Much like their human hosts, some deadly pathogens just can't let go. That's apparently true of the Ebola virus, which was detected in a Liberian man's semen an incredible 565 days after he recovered from illness, according to a new CDC report. Photo: Getty
Due to the risk of sexual transmission, the CDC previously recommended that Ebola survivors use condoms or abstain from intercourse for three months after recovery. That changed last year, when genetic fragments of Ebola were found in man's semen almost six months after he first fell ill.
Since then, the CDC has recommended survivors use condoms indefinitely, but the full extent of Ebola's clinginess wasn't clear until Tuesday, when a new report on the virus was published by The Lancet Global Health. From The Washington Post:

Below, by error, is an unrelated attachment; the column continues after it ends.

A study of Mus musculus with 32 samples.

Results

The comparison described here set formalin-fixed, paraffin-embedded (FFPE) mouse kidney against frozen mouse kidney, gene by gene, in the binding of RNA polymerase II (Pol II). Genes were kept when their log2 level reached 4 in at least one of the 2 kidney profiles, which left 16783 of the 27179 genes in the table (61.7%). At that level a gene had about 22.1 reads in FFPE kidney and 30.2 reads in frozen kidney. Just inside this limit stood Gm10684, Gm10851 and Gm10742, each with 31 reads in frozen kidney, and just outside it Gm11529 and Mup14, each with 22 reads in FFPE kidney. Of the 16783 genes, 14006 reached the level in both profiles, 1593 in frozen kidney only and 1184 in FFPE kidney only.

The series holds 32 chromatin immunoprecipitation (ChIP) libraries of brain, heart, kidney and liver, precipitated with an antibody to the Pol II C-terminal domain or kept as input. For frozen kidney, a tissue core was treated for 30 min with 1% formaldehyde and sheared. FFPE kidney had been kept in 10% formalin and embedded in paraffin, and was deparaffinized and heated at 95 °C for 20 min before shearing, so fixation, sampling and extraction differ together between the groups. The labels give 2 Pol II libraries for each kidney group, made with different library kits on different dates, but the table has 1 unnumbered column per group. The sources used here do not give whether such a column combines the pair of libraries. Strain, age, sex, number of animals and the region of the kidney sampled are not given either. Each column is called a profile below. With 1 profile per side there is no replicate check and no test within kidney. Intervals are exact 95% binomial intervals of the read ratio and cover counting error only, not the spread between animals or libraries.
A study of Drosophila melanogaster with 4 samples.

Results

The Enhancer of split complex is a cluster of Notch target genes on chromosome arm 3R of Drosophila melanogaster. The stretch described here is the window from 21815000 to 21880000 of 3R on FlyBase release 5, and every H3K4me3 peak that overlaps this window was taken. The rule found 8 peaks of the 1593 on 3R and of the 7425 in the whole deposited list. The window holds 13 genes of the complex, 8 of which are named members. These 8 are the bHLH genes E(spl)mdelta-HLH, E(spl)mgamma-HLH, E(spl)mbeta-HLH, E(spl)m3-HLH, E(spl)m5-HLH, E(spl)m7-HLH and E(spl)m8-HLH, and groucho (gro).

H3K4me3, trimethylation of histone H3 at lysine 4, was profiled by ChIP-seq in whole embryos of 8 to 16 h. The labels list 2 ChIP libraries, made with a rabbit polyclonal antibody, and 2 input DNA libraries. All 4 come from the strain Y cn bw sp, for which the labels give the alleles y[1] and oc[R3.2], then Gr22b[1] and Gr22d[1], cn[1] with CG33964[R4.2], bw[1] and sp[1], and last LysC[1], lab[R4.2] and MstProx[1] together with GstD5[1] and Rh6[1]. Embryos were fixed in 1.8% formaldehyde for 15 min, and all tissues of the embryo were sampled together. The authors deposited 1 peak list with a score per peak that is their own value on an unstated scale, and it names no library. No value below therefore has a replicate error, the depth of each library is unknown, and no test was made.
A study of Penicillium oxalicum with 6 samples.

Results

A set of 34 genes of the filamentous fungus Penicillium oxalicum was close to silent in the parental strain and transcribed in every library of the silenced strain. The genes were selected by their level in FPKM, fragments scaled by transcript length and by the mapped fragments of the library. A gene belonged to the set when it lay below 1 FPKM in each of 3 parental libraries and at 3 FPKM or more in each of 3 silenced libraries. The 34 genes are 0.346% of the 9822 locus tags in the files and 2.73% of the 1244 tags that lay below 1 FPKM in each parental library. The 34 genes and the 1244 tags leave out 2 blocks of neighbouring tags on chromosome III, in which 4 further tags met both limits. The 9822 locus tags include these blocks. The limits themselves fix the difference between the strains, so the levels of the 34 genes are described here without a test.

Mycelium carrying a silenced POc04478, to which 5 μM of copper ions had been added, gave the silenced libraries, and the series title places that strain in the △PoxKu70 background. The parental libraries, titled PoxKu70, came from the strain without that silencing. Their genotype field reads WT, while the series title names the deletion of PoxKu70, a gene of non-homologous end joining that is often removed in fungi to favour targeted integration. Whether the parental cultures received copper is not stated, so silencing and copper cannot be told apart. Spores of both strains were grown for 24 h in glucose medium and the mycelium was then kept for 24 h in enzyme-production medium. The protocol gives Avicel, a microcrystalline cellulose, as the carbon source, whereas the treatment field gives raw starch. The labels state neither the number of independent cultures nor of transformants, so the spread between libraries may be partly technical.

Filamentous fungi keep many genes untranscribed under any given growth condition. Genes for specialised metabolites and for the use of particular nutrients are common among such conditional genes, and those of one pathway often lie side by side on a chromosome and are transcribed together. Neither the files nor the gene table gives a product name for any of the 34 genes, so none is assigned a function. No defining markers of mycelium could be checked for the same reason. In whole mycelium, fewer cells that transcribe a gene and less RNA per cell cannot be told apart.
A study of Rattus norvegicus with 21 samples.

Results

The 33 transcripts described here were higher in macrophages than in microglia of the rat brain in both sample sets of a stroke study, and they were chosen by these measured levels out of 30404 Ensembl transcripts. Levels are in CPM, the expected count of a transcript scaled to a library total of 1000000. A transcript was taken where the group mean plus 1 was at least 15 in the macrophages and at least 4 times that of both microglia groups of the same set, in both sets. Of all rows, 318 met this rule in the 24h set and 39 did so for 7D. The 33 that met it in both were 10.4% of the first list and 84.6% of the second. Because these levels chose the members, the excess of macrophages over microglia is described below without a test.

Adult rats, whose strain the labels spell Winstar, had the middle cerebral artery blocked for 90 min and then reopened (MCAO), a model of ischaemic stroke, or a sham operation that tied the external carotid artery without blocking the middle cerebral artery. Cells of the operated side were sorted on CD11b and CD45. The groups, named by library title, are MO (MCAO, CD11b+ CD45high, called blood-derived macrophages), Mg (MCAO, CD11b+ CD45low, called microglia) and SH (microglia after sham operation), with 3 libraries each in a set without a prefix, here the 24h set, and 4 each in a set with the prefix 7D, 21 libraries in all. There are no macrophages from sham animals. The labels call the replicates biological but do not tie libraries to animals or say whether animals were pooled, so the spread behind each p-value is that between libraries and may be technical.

The study, the largest to date to look at Ebola virus persistence in men who survived infection, comes from a Liberian public health program run in coordination with the World Health Organisation and the CDC; it involves data collected between July 2015 and May. It shows that of the 429 men who were tested, 9 per cent, or 38 Ebola survivors, had fragments of the Ebola virus in their semen.
Of the 38, 63 per cent had semen samples that tested positive for Ebola one year later. One man was found to still carry Ebola a shocking 565 days after he recovered from illness. That's a full year and 200 days.
While the test can only confirm the presence of Ebola genetic material, as opposed to a living virus, health officials have good reason to not take any chances: In one case, a man was found to have sexually transmitted Ebola a full five months after he recovered from the disease.